Florida prosecutors on Thursday dropped prostitution solicitation charges against New England Patriots owner Robert Kraft, after being barred from using police surveillance videos that might prove their case.
The move was expected after the Florida attorney general’s office said Monday that it would not ask the state Supreme Court to reverse an appeals court decision blocking as evidence videos showing Kraft getting sexually serviced for money during two visits to the Orchids of Asia Day Spa in Jupiter, Fla., in early 2019.
The videos, which have never been made public, were the most powerful, and possibly the only real pieces of evidence, against the 79-year-old billionaire, who had pleaded not guilty in the case.
“Without these videos we cannot move forward with our prosecution,” said Palm Beach County State Attorney Dave Aronberg during a press conference.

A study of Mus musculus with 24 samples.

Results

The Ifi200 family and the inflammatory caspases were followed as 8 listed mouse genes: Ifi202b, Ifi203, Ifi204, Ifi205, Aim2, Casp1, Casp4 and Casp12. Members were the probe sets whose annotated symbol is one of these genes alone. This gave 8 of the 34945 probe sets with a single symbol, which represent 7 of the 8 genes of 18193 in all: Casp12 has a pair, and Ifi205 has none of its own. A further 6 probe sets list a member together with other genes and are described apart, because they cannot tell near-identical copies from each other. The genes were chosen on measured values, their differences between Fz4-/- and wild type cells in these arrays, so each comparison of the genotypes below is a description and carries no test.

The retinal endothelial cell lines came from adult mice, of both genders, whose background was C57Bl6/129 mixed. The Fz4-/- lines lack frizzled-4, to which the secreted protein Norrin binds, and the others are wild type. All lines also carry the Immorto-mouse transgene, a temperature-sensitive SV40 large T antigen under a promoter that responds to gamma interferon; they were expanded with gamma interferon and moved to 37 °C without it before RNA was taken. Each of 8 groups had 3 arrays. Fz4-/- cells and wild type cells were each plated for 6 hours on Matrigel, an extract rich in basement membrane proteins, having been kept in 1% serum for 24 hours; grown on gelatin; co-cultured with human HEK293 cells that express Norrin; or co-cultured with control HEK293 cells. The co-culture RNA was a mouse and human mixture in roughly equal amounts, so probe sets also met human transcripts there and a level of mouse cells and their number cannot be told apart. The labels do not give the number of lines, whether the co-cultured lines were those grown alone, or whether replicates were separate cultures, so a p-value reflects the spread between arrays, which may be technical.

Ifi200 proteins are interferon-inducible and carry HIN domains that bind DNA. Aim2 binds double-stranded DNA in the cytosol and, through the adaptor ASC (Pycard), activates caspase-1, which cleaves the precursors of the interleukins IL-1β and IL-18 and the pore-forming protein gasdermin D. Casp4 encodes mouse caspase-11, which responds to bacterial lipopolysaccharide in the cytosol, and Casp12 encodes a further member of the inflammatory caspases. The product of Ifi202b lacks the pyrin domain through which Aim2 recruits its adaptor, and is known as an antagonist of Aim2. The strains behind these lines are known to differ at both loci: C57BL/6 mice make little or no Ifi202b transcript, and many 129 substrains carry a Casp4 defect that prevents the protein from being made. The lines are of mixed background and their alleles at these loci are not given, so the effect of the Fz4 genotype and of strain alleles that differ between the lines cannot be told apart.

Aronberg said that he was “disappointed” by the appeals court ruling.
But the top prosecutor also called the Orchids of Asia Day Spa “a notorious brothel,” and he defended the decision by local police to open an investigation that led to the prosecution of Kraft and two dozen other men. Those other men also had their charges dropped because of the appellate court ruling.
“It is not a lack of will that caused us to drop the charges in the spa cases,” Aronberg said.
“But our hands were tied” by the attorney general’s decision not to appeal the ruling, he added. Aronberg, however, said he understood that decision.
Aronberg’s office on Thursday filed in court two notices of nolle prosequi, a term that means they will not proceed with prosecution in the case, in which the NFL owner Kraft was charged with two counts of soliciting prostitution, a misdemeanor.